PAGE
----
Greece law allows descendants of Holocaust survivors to apply for citizenship

Marcy Oster

(JTA) — Greek lawmakers passed a parliamentary amendment that will allow descendants of Holocaust survivors from Greece to apply for citizenship.

The amendment passed on Thursday was praised on Saturday by the head of the country’s Central Board of Jewish Communities, the French news agency AFP reported.

“This is a moral victory,” and a “fresh step forward in the recognition of the history of the Holocaust and of Greek Jews,” Central Board President David Saltiel told AFP.

The Greek government in September 2011 passed an amendment to a new foreign resident law that automatically reinstated Greek citizenship for all Jews that were born in or before 1945. The number of Greek Jews affected by that amendment was about 300. The new amendment affects their descendants, most of whom live in Israel, according to AFP.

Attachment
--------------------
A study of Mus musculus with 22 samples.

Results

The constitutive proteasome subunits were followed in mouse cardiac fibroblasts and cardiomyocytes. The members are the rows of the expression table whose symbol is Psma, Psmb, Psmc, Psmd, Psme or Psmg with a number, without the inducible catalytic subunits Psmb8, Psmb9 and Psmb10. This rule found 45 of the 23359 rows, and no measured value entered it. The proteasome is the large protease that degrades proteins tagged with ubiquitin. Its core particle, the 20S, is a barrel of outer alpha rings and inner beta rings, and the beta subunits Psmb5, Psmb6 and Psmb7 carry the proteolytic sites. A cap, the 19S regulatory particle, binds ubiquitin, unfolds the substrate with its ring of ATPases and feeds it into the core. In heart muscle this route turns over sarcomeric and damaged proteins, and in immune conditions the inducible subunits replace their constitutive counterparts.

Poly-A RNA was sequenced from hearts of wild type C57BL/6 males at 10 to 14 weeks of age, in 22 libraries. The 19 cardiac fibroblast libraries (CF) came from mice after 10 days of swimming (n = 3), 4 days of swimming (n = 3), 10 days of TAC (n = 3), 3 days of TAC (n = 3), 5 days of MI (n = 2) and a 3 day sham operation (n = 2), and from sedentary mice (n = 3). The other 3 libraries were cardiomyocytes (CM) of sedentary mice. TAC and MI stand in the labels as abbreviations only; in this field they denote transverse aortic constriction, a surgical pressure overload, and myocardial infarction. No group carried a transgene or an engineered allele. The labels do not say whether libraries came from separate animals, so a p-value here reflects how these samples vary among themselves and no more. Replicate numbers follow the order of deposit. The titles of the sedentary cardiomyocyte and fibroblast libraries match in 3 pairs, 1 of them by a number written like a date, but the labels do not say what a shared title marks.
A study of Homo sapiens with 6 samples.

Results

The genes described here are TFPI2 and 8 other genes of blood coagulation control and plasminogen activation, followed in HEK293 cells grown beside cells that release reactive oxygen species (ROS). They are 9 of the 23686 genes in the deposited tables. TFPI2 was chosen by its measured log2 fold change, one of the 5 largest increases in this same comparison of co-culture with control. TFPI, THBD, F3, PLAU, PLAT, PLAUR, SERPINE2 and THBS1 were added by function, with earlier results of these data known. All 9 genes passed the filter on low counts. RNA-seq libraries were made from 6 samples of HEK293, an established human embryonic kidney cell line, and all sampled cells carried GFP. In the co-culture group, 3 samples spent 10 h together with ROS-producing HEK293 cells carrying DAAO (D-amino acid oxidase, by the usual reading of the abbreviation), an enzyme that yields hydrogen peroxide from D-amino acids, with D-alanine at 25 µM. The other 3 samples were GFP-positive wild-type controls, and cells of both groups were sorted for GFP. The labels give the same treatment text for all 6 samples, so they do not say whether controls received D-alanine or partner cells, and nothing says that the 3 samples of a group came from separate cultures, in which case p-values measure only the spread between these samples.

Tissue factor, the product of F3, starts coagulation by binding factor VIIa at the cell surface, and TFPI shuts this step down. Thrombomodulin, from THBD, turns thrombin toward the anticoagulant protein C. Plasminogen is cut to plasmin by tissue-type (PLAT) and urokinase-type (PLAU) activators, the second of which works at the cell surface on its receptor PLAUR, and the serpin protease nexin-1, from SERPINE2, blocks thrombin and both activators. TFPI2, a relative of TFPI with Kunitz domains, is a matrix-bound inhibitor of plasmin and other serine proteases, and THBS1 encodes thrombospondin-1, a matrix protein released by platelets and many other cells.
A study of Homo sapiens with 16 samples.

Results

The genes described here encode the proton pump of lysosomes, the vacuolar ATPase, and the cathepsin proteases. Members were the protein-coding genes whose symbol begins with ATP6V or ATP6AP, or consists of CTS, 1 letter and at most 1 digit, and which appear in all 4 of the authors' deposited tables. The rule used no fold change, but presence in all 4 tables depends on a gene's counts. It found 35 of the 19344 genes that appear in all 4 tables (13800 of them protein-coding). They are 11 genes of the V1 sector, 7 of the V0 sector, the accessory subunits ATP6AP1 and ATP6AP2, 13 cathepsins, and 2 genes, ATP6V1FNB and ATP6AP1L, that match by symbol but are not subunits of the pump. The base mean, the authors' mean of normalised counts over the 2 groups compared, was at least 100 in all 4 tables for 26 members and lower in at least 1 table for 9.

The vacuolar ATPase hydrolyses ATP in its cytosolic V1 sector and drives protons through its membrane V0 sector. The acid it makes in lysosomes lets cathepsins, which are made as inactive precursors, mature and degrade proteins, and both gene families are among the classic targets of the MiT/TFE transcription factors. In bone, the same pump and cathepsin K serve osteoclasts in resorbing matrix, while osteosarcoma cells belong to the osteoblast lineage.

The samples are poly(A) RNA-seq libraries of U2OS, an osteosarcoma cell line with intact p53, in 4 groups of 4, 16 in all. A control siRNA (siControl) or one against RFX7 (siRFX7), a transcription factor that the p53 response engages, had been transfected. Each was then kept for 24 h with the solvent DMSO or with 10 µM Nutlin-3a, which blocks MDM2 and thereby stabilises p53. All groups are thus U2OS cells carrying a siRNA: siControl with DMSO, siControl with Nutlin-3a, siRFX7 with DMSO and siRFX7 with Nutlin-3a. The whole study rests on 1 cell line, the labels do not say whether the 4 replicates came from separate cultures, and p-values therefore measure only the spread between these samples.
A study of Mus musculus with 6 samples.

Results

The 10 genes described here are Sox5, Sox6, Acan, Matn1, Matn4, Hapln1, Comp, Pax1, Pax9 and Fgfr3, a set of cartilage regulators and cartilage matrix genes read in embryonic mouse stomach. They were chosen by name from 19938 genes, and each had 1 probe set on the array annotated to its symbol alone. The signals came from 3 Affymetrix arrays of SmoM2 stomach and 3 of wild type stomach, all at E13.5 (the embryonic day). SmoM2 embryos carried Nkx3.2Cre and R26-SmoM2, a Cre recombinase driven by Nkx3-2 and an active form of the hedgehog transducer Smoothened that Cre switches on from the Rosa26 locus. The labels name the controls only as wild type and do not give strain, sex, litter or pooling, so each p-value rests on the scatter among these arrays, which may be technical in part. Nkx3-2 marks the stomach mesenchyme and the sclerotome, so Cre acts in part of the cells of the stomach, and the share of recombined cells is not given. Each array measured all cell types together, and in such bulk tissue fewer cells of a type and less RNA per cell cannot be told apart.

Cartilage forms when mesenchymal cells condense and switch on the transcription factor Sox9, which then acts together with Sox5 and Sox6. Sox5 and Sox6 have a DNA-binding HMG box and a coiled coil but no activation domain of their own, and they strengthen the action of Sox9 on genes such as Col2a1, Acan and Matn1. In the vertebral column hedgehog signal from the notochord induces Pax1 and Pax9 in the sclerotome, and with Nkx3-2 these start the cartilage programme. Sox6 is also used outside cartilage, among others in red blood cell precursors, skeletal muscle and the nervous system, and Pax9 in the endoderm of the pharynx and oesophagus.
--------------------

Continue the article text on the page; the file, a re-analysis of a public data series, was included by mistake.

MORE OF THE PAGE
The neo-Nazi Golden Dawn party voted against the legislation. It is the fourth largest party in the parliament.


The governments of both Spain and Portugual passed laws of return for Sephardic Jews in recent years   as what they consider symbolic rectification for the murder, mass deportations and forced conversions to Christianity of their Jews during the 15th and 16th centuries, during what came to be known as the Spanish and Portuguese Inquisition. Spain reportedly has naturalized more than 4,900 applicants for citizenship by Sephardim since the law went into effect last year.